It hurts watching a stock that continues to rise give up over 17% of its value in a matter of days. But that’s exactly what happened with Shopify Inc. (TSX:SHOP)(NYSE:SHOP). Many investors would prefer to sit on the sidelines and watch this one play out, but I’m taking a bullish approach: buy the dip.
Shopify has been on notice ever since Andrew Left of Citron Research, a notorious short-selling firm, released an October report alleging that Shopify was an illegal get-rich scheme. And once Citron decides that something is a target, the company will double and triple down, publishing what it needs to make its point.
Now Left has released a report that states that the company is going to suffer when its clients can no longer do hyper-targeted advertising on Facebook, Inc. (NASDAQ:FB). Facebook is obviously in the limelight due to privacy concerns on the platform; thus, the level of granularity that you can achieve is incredible.
Here’s the thing … I’m not that concerned. Facebook is a great advertising platform, but it’s only one. There are many other platforms out there that allow for intention targeting, and lest we forget, Amazon.com, Inc. (NASDAQ:AMZN) is building out a massive ad network. Where better to advertise than on the largest shopping portal?
And then there are the actual partnerships Shopify has with both Amazon and eBay Inc. (NASDAQ:EBAY). If you’re a subscriber on Shopify’s platform, your goods will be sold through eBay and Amazon. The big ecommerce platforms get a small cut, but you get to be part of their marketing.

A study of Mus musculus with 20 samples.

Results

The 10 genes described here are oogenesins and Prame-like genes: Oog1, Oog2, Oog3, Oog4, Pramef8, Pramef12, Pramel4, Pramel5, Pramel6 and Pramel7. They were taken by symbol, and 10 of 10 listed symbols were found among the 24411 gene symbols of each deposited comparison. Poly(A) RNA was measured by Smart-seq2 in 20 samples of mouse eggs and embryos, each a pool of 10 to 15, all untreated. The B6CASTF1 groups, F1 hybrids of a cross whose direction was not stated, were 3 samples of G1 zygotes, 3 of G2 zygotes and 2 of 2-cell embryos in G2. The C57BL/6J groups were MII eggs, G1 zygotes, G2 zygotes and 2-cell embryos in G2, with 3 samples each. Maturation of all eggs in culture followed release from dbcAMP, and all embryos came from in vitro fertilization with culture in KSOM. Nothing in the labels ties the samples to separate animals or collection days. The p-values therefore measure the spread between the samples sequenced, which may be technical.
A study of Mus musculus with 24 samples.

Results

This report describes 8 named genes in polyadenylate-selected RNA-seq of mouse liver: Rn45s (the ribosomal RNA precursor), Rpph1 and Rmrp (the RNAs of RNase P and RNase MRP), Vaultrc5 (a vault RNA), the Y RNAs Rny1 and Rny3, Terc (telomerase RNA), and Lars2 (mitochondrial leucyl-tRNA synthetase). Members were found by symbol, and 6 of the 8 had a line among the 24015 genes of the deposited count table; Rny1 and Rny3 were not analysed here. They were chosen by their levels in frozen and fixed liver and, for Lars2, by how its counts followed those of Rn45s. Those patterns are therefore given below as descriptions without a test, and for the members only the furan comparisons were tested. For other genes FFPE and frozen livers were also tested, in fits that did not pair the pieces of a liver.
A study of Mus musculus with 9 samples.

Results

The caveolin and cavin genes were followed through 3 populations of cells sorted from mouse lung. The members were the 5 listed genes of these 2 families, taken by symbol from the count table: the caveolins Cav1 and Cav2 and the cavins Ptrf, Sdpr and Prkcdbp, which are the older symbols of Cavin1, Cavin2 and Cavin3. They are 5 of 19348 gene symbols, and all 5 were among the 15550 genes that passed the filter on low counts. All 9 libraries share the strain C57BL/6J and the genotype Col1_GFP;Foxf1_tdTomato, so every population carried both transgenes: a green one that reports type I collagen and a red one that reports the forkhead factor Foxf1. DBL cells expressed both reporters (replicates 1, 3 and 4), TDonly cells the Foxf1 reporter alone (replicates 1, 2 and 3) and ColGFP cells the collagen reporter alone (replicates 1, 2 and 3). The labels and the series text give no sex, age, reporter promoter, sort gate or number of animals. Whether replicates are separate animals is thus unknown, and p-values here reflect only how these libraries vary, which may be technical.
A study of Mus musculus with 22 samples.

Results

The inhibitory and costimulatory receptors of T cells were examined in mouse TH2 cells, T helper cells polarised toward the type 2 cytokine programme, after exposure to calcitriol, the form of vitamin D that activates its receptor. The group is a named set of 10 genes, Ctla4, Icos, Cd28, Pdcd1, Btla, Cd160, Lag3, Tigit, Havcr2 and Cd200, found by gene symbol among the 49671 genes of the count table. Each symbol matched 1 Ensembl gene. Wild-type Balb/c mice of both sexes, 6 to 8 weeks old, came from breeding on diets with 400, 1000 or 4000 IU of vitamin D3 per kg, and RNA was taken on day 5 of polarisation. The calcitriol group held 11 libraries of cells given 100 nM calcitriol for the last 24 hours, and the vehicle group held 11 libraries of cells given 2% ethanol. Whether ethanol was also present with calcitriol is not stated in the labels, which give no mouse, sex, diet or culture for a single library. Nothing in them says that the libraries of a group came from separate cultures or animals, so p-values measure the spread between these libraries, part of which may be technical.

That’s the real story here … Shopify has built out so many partnerships and connections that one distribution channel disappearing won’t harm its customers all that much. Facebook is significant, but there are other equally important distribution channels.
That said, I believe you should take advantage of the fear and start buying shares of the company; buy the dip when fear is high. Here are a few numbers to support my argument …
In Q1 2012, Shopify had monthly recurring revenue of US$1.1 million. In Q3 2017, it was US$29.9 million, a CAGR of 77%. It has added a second line of business called merchant solutions, which now accounts for more than 50% of its revenue. As more goods are purchased and shipped, Shopify earns more money. By attaching its business to the success of its customers, Shopify is has an incentive to help the businesses as much as possible.
Another factor to support my argument is that the GAAP operating expense as a percent of revenue has dropped. In full year 2017, it was 57%, down from 59%. And in Q4 2017 compared to Q4 2016, it dropped from 53% to 49%. As it adds more customers, it can spread the sales, marketing, R&D, and general administrative costs across more customers.
It’s possible that Shopify will continue to be bouncy as Citron attempts to derail the stock. However, Shopify’s network is stronger than just one distribution channel. Don’t get trapped in the noise. Buy the dip.